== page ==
I have seen many horrible contracts. It constantly amazes me how little some writers think of themselves, their work, and their own ability to determine their own course. At Sterling Editing we occasionally offer unpaid and informal contract advice to clients. (We make it clear that this is not our area of expertise, that the client should talk to their agent, talk to their lawyer.) We’re stunned by how often we end up saying: If it were us, we would run, not walk, away from this contract.

I have seen writers make some bad decisions. Many, for example, agree to edit anthologies for a pittance, while their editing ‘partner’ does no work and takes most of the money. (I remember an incredible phone call with a famous and prolific anthologist/packager who tried to persuade me into such a ‘partnership’. Literally incredible: I simply couldn’t believe the terms he was offering. He in turn was astonished that I refused. I was astounded that anyone ever said yes. I went off and made my own deal, and the result was the multiple-award-winning Bending the Landscape series.)

I have seen many decent writers agree to sell long term exclusive rights to their stories for a pitiful sum and miserable pro rata royalty (sometimes no royalty) to said anthologies. The anthologist (sometimes the packager, sometimes the publisher) makes a tidy profit.

I have seen newer writers literally chained for life to small LGBT presses: their contract is not only an NDA, it’s a non-compete, ever. It’s an indemnity. It’s a binding contract of servitude, for a pittance in advance, joke in royalty percentage, and complete loss of the author’s control. (The worst offenders deserve their own blog post, which I’ll get to one day.)

But what takes the biscuit for sheer egregiousness is the standard contract for academic journals, who hold a virtual market monopoly and so can dictate terms.

These contracts are horrifying. Any writers’ organisation would advise against signing them. Most of those organisations would bring grievance proceedings against the publisher.

I’ve only read a couple of academic-journal contracts, and I don’t have either of them in front of me. But here’s what I took from that reading (if anyone has better information please correct me):

  • a scientist does research at an institution largely funded by the taxpayer
  • scientist writes, unpaid, a paper about her research
  • she submits the paper to a prestigious journal
  • the journal’s publisher persuades other scientists, peers, review the paper, unpaid
  • scientist rewrites the paper, unpaid
  • scientist creates illustrations, unpaid
  • publisher sends a contract:
    • publisher charges the scientist for the privilege of being published (this is a not-insignifican sum: four figures–usually paid by the scientist’s institution, the one supported by the taxpayer)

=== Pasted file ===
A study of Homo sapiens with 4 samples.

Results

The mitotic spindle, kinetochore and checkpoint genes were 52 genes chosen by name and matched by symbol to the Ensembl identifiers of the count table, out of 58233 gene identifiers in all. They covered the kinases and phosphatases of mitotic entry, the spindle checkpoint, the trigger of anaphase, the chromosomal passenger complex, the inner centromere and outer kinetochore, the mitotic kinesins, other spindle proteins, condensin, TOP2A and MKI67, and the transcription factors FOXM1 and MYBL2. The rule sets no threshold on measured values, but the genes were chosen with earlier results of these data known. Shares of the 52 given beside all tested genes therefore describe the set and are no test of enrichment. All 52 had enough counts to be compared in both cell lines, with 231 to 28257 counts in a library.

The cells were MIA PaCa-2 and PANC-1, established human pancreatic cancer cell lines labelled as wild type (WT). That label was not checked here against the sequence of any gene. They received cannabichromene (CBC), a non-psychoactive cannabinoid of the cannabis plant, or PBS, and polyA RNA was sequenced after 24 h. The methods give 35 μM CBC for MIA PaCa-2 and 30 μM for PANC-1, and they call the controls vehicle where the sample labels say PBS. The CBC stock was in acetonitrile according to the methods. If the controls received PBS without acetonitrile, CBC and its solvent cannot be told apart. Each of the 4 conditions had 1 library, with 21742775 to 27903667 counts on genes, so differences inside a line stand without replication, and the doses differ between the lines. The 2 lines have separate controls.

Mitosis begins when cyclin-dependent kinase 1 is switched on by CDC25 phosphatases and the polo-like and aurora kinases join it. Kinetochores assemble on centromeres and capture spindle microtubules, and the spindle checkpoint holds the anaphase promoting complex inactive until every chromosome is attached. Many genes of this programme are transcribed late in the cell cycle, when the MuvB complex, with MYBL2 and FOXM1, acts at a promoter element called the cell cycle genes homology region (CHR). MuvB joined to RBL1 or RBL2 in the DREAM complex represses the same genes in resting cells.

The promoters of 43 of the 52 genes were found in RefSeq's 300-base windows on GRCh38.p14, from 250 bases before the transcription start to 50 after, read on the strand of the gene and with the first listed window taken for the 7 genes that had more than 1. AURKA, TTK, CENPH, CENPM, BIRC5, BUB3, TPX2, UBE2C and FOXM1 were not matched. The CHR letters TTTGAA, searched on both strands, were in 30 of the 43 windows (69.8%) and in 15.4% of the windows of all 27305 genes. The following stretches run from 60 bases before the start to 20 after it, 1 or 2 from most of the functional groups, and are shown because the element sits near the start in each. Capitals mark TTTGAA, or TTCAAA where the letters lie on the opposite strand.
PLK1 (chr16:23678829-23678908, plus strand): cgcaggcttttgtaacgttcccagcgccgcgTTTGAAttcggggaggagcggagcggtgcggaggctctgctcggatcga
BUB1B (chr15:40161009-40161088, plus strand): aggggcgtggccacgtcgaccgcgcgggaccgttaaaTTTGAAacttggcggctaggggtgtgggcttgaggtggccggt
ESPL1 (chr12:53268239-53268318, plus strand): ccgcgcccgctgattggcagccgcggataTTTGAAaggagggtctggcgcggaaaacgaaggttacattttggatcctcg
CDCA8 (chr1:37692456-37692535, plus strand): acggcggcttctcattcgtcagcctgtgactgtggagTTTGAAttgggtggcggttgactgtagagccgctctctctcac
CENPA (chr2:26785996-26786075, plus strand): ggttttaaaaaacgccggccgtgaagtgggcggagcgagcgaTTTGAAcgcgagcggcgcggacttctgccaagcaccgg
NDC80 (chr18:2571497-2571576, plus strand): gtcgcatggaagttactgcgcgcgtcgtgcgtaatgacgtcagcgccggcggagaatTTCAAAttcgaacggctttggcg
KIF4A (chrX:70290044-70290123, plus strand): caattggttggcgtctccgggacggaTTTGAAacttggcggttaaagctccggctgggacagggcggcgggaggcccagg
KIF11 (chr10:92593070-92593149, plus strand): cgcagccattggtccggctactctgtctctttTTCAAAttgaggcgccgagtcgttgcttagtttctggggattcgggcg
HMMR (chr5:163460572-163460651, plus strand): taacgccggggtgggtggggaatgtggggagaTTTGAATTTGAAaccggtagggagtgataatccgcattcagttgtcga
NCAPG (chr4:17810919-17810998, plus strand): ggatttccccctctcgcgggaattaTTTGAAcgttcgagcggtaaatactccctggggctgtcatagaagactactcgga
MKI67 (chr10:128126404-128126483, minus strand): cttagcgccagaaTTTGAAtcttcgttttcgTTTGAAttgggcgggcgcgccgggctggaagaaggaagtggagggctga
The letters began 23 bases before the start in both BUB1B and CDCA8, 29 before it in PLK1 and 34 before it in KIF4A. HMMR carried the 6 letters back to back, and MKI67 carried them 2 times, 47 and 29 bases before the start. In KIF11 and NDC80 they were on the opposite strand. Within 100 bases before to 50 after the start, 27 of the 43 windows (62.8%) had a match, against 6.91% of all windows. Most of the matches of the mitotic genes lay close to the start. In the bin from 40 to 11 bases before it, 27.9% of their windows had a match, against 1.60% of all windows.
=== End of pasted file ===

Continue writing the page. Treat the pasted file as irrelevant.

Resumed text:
• publisher owns the copyright, in perpetuity
    • publisher pays zero royalties
    • publisher charges high per-use reprint fees (e.g. $31 per copy); no one–no scientist, no researcher, no student–can have access to this paper without paying for it, forever
    • publisher charges institutions high fees (the highest single annual subcription is, I think, now over $20,000–but, wait, there’s more: the publishers tend to bundle titles, so libraries must subscribe to many to get one)
  • the scientist loses all control over her own work, forever:
    • s/he may not reprint her own work on her blog or website
    • the journal can sell media rights to the scientist’s paper (and keep the proceeds)
    • the journal can republish the paper in any way it likes, forever, and pay the scientist nothing
    • etc.

In other words, the taxpayer pays for the research, the taxpayer pays the journal to publish that research, the taxpayer pays again–via institutional library subscriptions to said journal–to access the knowledge they’ve already paid for.

But academics haven’t had much choice: it’s publish on these terms, or not publish. If you don’t get published, you don’t get tenure. You don’t get the grants. You don’t do the research. We all lose. Except, of course, those journal publishers.

It’s a racket, pure and simple. One such publisher, Reed Elsevier, made a profit last year of 36%. That’s a huge margin. And the taxpayer is funding it. And knowledge and learning are suffering.

I’m happy to tell you that academics are finally stirring in protest against this brazen monopoly. They are organising. Go read this article in the Guardian by Mike Taylor. If you’re an academic of any stripe, go sign the Cost of Knowledge petition. I think we’re witnessing a sea change. I for one am delighted.